Following a joint investigation by the Michigan Department of Attorney General and Michigan Gaming Control Board, two defendants accused of operating a Flint storefront casino were recently arraigned on eight charges in 67th District Court located at 630 South Saginaw Street in Flint.

Felony gambling warrants were issued on 15 February for Linos Antonio Kas-Mikha, 52, of Grand Blanc, and Robert Jamerson, 55, of Saginaw. Each is facing four felony charges — one count for running a gambling operation without a license, two counts for using computers to commit a crime, and one count for maintaining a gambling house for gain at Cellular Bank, located at 4622 N. Saginaw Street in Flint.

The Cellular Bank housed 11 standalone slot machines, like those seen in a commercial casino, and 13 computers used to play slot-style games. The business also provided patrons a card with a PIN, allowing them to wager online from offsite locations such as their residences.

“Holding those who choose to break the law and run alleged illegal gambling operations accountable for their actions is paramount to ensuring the safety and integrity of our neighborhoods,” MGCB Executive Director Henry Williams said. “By enforcing strict regulations and prosecuting offenders, we strive to maintain a gaming environment that is not only enjoyable, but also adheres to the principles of fairness, legality, and community safety.”

Under the law, the criminal charges are merely accusations, and the defendants are presumed innocent until proven guilty. Both accused have been arraigned — Kas-Mikha on 21 February and Jamerson on 28 February — and posted personal bond in the amounts of $25,000 and $50,000, respectively. A probable cause hearing took place on 29 February for Kas-Mikha and 7 March for Jamerson. Both had hearings scheduled for 14 March at 8:30 a.m. in 67th District Court.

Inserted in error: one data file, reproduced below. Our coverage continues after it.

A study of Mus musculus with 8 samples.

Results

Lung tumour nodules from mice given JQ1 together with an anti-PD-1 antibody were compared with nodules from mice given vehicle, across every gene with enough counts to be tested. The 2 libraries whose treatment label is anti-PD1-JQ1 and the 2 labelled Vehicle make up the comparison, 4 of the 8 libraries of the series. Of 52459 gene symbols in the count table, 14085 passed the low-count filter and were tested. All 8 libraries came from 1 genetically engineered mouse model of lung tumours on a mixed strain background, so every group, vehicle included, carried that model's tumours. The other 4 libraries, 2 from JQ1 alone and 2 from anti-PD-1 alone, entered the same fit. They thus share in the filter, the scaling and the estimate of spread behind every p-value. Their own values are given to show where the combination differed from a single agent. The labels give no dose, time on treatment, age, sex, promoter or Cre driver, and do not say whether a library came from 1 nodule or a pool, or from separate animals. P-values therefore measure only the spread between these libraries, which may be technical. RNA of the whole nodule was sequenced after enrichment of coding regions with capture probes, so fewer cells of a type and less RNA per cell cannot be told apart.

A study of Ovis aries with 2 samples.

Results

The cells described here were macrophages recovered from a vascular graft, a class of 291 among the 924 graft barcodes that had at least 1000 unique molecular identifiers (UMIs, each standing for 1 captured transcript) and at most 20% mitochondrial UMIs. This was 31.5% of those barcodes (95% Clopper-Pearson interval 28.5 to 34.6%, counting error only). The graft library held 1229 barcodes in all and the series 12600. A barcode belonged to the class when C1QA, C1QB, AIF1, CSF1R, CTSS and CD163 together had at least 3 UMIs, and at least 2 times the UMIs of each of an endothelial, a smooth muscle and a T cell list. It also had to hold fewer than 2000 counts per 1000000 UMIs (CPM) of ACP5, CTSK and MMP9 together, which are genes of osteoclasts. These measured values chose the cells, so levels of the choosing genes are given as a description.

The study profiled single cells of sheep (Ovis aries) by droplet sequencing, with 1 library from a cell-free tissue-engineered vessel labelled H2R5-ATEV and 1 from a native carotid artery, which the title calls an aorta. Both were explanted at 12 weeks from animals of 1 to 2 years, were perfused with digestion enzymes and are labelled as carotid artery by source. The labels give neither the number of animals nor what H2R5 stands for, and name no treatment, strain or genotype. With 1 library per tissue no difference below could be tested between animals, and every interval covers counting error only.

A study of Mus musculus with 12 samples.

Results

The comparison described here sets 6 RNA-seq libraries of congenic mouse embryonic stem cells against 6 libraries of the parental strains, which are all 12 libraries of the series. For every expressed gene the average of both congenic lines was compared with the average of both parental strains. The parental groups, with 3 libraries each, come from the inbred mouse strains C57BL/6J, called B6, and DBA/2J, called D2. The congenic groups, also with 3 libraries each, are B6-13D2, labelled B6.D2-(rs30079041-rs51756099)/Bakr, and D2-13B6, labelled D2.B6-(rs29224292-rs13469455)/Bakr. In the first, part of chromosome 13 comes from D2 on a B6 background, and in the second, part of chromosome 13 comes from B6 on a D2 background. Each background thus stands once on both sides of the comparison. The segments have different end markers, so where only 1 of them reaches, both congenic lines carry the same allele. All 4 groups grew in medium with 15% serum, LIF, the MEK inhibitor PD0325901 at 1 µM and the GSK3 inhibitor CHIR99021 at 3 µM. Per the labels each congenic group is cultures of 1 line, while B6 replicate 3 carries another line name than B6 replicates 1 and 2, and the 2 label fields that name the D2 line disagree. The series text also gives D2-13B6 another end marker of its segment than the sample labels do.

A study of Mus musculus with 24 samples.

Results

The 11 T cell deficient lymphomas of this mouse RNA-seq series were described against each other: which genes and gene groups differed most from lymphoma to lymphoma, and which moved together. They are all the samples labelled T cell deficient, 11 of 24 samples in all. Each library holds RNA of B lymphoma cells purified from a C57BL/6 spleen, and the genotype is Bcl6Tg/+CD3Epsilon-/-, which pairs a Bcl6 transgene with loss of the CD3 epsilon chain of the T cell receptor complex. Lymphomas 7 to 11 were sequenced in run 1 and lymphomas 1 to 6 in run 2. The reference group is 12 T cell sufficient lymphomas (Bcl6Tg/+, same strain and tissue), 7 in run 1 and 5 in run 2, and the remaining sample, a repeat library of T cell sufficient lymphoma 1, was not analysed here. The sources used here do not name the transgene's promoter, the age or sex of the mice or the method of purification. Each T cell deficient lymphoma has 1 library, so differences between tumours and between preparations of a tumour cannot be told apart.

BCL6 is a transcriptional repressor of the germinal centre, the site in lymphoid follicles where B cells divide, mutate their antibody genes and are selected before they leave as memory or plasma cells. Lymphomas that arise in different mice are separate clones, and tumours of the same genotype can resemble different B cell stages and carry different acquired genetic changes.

The owner of Cellular Bank, Abdulmunem Ghrer of Toledo, Ohio, also owns the business located at 3301 Corunna Road in Flint, where The Cellular Vault was located. “The Vault,” as the locals knew it, also operated under the business names of The Flint Arcade and the Corunna Road Arcade at the same location. Raids were conducted at both of Ghrer’s properties over the past two years:

– 28 August 2022: 4622 N. Saginaw Street at Cellular Bank

  • Confiscated: 11 standalone slot machines and 13 computers, and $7,568.52 in winnings and gambling proceeds. Authorities also found a card with a PIN allowing betting online from offsite locations.

– 18 August 2022: 3301 Corunna Road at The Cellular Vault

  • Confiscated: 43 computers used for gambling and $2,572.48 in winnings and gambling proceeds.

– 23 August 2023: 3301 Corunna Road at The Flint Arcade

  • Confiscated: 50 gambling devices and $13,260 in suspected gambling proceeds.

On 29 August 2023, Williams traveled to Flint and met with Flint Mayor Sheldon Neeley and State Rep. Cynthia Neeley (D-Flint) to discuss strategies to help deter and crack down on illegal gaming operations in the city, and particularly how establishments like The Cellular Vault, which continued to operate under different names, tarnish the reputations of regulated, legitimate gaming establishments.

Under Michigan law, any building that is used for the purpose of lewdness, assignation, prostitution, or gambling is declared a nuisance, per MCL 600.3801. The City of Flint has since filed a complaint at the 7th Judicial Circuit Court in Genesee County to abate a nuisance of an illegal gambling den against Ghrer and his businesses at 3301 Corunna Road in Flint.

“Illegal gambling operations harm the public health and safety of our community by creating environments where bad actors can prey on vulnerable people,” Flint Mayor Sheldon Neeley said. “The City of Flint is seeking forfeiture of another building allegedly used for illegal gambling activity with the intent to return it to a positive use for Flint residents. I want to thank the Michigan Gaming Control Board for taking strong action to protect Flint residents from people who seek to profit from the pain of our community.”

The relief being sought by the city includes the requests that the building be abated with all its contents removed and sold, closed, and not used for any purpose for one year, and forfeited to the City of Flint. It also asks that Ghrer be banned from engaging in any other nuisance in any other building or place in Genesee County.